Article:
Now, as they line up for sentencing, some parents are asking for mercy by arguing that Singer is as much to blame as they are.

Assistant U.S. Attorney Kristen Kearney argued that Semprevivo was hardly a patsy.

He “was no passive wallflower, or Singer’s puppet,” Kearney told the court. She said “the defendant’s audacity is breathtaking” and that he pleaded guilty “to get the benefit of an early plea and now he says he is the victim.”

Andrew Lelling, the U.S. attorney for Massachusetts, who has led the prosecution of the college-admissions case, called the psychologist’s report an “abuse of psychological assessment to evade personal responsibility.”

Kenner, Semprevivo’s lawyer, called the government’s suggestion that his client hadn’t accepted responsibility “disingenuous” and said he acknowledged the bribe had knocked other applicants out of the spot Semprevivo’s son got.

Still, he told the judge on Thursday, “Georgetown is not a victim of Mr. Semprevivo, in my view. It’s a victim of Gordon Ernst.”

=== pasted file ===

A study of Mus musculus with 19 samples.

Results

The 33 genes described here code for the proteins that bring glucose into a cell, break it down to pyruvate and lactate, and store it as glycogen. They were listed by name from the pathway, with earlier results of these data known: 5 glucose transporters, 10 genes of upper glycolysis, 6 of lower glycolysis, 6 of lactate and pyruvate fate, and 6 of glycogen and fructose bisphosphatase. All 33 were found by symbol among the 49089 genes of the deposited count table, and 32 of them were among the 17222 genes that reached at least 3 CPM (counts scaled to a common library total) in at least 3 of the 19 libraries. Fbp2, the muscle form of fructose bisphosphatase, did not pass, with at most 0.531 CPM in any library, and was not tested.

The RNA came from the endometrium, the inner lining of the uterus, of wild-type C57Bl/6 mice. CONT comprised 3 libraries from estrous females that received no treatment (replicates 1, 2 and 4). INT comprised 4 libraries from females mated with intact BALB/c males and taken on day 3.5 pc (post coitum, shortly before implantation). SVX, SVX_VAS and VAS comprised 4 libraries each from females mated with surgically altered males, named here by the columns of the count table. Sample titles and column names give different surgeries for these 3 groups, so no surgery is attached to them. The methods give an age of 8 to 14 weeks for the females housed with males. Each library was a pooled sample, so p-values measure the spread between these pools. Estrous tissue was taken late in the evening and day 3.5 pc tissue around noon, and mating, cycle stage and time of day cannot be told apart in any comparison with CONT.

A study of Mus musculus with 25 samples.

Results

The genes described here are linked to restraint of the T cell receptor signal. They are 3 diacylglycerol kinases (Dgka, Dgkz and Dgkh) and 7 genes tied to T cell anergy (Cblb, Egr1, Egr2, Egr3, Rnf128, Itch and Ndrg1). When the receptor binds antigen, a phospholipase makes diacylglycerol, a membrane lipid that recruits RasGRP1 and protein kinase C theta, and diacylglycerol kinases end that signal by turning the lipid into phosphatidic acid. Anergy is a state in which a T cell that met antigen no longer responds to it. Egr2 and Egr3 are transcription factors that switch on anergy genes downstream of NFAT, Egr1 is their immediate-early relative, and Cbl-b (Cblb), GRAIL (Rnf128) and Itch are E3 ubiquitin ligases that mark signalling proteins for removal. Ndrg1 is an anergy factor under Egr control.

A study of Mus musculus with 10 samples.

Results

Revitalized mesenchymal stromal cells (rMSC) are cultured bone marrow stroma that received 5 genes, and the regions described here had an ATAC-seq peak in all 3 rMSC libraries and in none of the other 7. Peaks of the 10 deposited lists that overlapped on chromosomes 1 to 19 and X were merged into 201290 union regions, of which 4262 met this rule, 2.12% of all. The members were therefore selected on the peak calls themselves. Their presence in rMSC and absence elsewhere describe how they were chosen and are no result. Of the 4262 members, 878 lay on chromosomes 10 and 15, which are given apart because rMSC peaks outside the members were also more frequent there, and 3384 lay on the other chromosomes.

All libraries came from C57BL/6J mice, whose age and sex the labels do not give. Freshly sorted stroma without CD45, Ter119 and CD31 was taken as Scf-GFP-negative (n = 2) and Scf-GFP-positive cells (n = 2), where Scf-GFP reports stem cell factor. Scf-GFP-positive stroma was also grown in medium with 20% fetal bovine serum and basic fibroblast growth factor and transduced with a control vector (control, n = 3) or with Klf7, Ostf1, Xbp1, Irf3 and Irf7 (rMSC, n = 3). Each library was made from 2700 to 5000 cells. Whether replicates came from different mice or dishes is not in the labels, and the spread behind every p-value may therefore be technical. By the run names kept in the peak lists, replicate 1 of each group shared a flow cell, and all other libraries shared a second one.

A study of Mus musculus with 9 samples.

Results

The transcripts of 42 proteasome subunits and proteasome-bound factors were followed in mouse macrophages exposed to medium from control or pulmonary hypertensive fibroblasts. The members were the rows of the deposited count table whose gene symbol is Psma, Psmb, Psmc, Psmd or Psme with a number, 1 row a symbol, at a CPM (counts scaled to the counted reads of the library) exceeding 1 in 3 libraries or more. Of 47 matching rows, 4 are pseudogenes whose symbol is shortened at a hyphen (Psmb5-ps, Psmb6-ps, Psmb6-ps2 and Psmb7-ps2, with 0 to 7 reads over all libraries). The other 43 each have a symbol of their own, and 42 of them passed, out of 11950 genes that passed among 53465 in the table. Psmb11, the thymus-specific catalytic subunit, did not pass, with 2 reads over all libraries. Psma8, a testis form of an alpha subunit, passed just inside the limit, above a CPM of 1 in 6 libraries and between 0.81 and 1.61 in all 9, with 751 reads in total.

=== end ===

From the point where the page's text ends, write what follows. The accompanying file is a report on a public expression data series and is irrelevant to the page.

“Rick became much more aggressive and negative,” Semprevivo, until recently chief strategy officer of Cydcor, told the criminologist he hired. “We were going down a very different road than the one I thought we were on. More than anything, I didn’t want to let Adam down. Rick said: It’s the only shot Adam had.”

The argument is a risky one, said Brad Bailey, a former federal prosecutor in Boston who isn’t involved in the case.

“These are clearly the types of arguments you’d make if you were defending the case at trial,” Bailey said, referring to the 19 parents indicted on charges including money laundering. Fifteen have pleaded guilty to a single count of fraud conspiracy. “But I can see this backfiring before a federal judge at sentencing.”

At the very first sentencing of a parent, “Desperate Housewives” star Felicity Huffman earlier this month, Talwani indicated she’s not letting parents off with probation. Even Huffman, who paid $15,000 to boost her daughter’s test scores and never participated in the elaborate bribing of coaches and doctoring of sports pictures and profiles, got two weeks.